To prove the image of this map is included in a cubic curve of $\mathbb{P}^2$, we can look at the pullback of the map $\nu$ that gives a linear map from the space of homogenous polynomials of degree 3 on $\mathbb{P}^2$ to the space of homogenous polynomials of degree 9 on $\mathbb{P}^1$ (this comes from a hint in an exercise of Harris' book Algebraic Geometry). It is then sufficient to prove that this pullback is not surjective since the two spaces have dimension 10.

I have some difficulty to prove that by a simple (meaning not using powerful theorems of elimination theory) method. Any hint about this hint ? (Harris seems to imply in his hint that it is quite obvious : perhaps there is something very simple to see that I am missing)

PS: I posted below a simple answer I just found. If someone can check it, I will be grateful !

    
@MattE Oupss ! Thanks ! A little edit in the question ... –  brunoh Aug 20 '12 at 3:12

2 Answers 2

I think you can try with Bézout's theorem.

To compute the degree of the image, you count the number of its intersection points with a generic line in the projective plane. Let $c_0, c_1, c_2$ be constants in the base field. We have to solve the equation $$c_0A_0(x,y)+c_1A_1(x,y)+c_2A_2(x,y)=0$$ in $\mathbb P^1$. It has clearly at most three solutions (unless the polynomial $c_0A_0+c_1A_1+c_2A_2$ is zero, which can't happen for general enough $c_i$'s). Send these solutions by $\nu$ to $\mathbb P^2$ and we see that there are at most three intersection points.

    
And by the way, by looking more precisely at your answer, it seems that you are using the fact that the curve defined by $\nu$ is contained in an equation of unknown degree defined on $\mathbb{P}^2$. Then you use bezout to find its maximum degree. Well, it seems to me a bit tautological, since we are not supposed to know that the curve is contained in an implicit equation, are we ? The whole point of the exercise is more to directly show the non-surjectivity of the pullback in the 9th-degree homogenous polynomials on the projective line. But perhaps I am mistaken ? –  brunoh Aug 20 '12 at 10:24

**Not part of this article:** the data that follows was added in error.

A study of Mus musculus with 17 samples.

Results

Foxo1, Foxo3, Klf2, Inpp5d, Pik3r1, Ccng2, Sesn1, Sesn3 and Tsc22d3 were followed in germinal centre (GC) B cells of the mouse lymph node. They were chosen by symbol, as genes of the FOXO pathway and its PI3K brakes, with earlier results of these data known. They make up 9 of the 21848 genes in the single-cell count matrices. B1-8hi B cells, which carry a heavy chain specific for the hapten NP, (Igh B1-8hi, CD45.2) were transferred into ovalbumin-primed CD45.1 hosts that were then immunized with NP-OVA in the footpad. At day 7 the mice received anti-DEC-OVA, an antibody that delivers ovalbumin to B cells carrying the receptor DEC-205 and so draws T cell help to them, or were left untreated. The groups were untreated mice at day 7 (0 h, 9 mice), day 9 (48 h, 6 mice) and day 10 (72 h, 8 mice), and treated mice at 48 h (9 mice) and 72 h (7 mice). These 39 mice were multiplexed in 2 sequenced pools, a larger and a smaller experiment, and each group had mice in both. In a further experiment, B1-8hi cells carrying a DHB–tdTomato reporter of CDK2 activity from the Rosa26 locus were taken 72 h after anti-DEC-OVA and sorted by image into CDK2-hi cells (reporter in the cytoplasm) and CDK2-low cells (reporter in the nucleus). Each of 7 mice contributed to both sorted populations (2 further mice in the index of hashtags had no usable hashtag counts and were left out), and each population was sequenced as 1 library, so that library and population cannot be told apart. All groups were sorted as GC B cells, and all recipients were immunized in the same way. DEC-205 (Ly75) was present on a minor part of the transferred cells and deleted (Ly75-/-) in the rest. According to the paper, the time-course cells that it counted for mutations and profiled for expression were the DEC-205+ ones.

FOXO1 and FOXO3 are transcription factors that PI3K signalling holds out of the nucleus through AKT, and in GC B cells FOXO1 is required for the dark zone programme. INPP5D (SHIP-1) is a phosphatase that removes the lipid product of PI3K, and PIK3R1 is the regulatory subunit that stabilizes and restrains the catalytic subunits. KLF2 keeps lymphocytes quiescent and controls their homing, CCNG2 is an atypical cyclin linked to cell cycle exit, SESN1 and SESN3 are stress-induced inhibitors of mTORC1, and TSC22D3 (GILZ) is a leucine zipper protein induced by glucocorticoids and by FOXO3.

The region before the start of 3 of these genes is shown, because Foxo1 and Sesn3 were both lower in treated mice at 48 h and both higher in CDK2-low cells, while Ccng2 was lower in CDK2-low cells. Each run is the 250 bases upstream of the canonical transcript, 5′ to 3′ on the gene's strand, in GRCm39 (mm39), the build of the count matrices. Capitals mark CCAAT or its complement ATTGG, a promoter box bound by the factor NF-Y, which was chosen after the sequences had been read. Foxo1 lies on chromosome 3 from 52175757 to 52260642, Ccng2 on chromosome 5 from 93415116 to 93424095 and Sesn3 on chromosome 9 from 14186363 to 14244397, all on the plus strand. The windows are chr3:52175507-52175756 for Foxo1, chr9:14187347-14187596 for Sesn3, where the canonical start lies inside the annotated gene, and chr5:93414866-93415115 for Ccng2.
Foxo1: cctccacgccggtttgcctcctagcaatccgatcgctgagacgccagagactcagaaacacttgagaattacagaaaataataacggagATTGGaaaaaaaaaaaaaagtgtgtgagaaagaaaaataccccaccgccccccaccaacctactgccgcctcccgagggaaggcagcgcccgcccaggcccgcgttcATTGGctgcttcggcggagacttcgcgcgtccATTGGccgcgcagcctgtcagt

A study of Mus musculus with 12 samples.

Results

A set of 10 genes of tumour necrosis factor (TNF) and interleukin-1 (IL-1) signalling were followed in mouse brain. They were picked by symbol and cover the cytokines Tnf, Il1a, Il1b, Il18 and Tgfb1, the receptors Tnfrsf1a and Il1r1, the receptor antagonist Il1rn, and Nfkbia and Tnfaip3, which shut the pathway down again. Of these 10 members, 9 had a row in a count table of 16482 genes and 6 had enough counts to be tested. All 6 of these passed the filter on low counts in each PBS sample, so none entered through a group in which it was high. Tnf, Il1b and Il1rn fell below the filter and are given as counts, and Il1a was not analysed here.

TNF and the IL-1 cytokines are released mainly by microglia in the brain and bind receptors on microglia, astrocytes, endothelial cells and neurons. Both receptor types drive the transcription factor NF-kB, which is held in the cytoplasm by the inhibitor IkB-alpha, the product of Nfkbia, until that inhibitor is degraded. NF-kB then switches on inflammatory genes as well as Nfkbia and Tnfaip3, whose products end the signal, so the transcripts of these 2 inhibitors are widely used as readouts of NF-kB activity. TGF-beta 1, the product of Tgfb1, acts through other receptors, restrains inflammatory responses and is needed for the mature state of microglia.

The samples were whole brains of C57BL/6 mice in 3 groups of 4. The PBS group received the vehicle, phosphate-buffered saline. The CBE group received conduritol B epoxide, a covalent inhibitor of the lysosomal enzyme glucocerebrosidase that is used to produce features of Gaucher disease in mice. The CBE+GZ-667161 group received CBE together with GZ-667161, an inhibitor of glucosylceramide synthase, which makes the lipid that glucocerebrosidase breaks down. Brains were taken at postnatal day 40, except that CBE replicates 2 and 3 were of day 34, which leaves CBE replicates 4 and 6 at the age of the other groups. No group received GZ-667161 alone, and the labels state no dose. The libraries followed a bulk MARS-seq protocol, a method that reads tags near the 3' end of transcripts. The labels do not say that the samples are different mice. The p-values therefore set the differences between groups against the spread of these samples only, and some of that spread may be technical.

@brunoh, yes I use the fact that the image is contained in a curve. This is not tautological because the aim is to determine the degree. –  user18119 Aug 21 '12 at 12:47
    
yes, you are perfectly right and I am very sorry about my poor english. The exercise was actually about proving first that the image is a contained in a curve, and then that it is a degree three one. But my question was very badly formulated, and obfuscate the first part. To determine the degree your approach is clearly the most generic & elegant. Thank you again for your time. –  brunoh Aug 21 '12 at 21:58
up vote 1 down vote accepted

Well, after some more thinking, I found the following elementary solution :

1- First note that the image by the pullback is not changed by the action of $PGL(3)$ on the point $[A_0,A_1,A_2]$

2- Second, note that the three homogenous polynomials of degree 3 do not generate the space of degree 3 homogenous polynomials on the projective line, but they are supposed to be independant.

3- Then using a transformation of $PGL(3)$ applied to $[A_0,A_1,A_2]$, we can get a new triple of polynomials such as, if we consider the basis $(X_0^3,X_0^2X_1,X_0X_1^2,X_1^3)$, either for at least one element of such a basis, there will be only one polynomial having a non zero coordinate on this element (Jordan normal form) and at least a non zero coordinate on one other element of the basis, either we will get the basis minus one element of it.

4- Then it is obvious to see that the image of the pullback do not contain $X_0^9$ or $X_0^8X_1$ or $X_0X_1^8$ or $X_1^9$.

I got the feeling this solution is a bit too adhoc, and lacks elegance.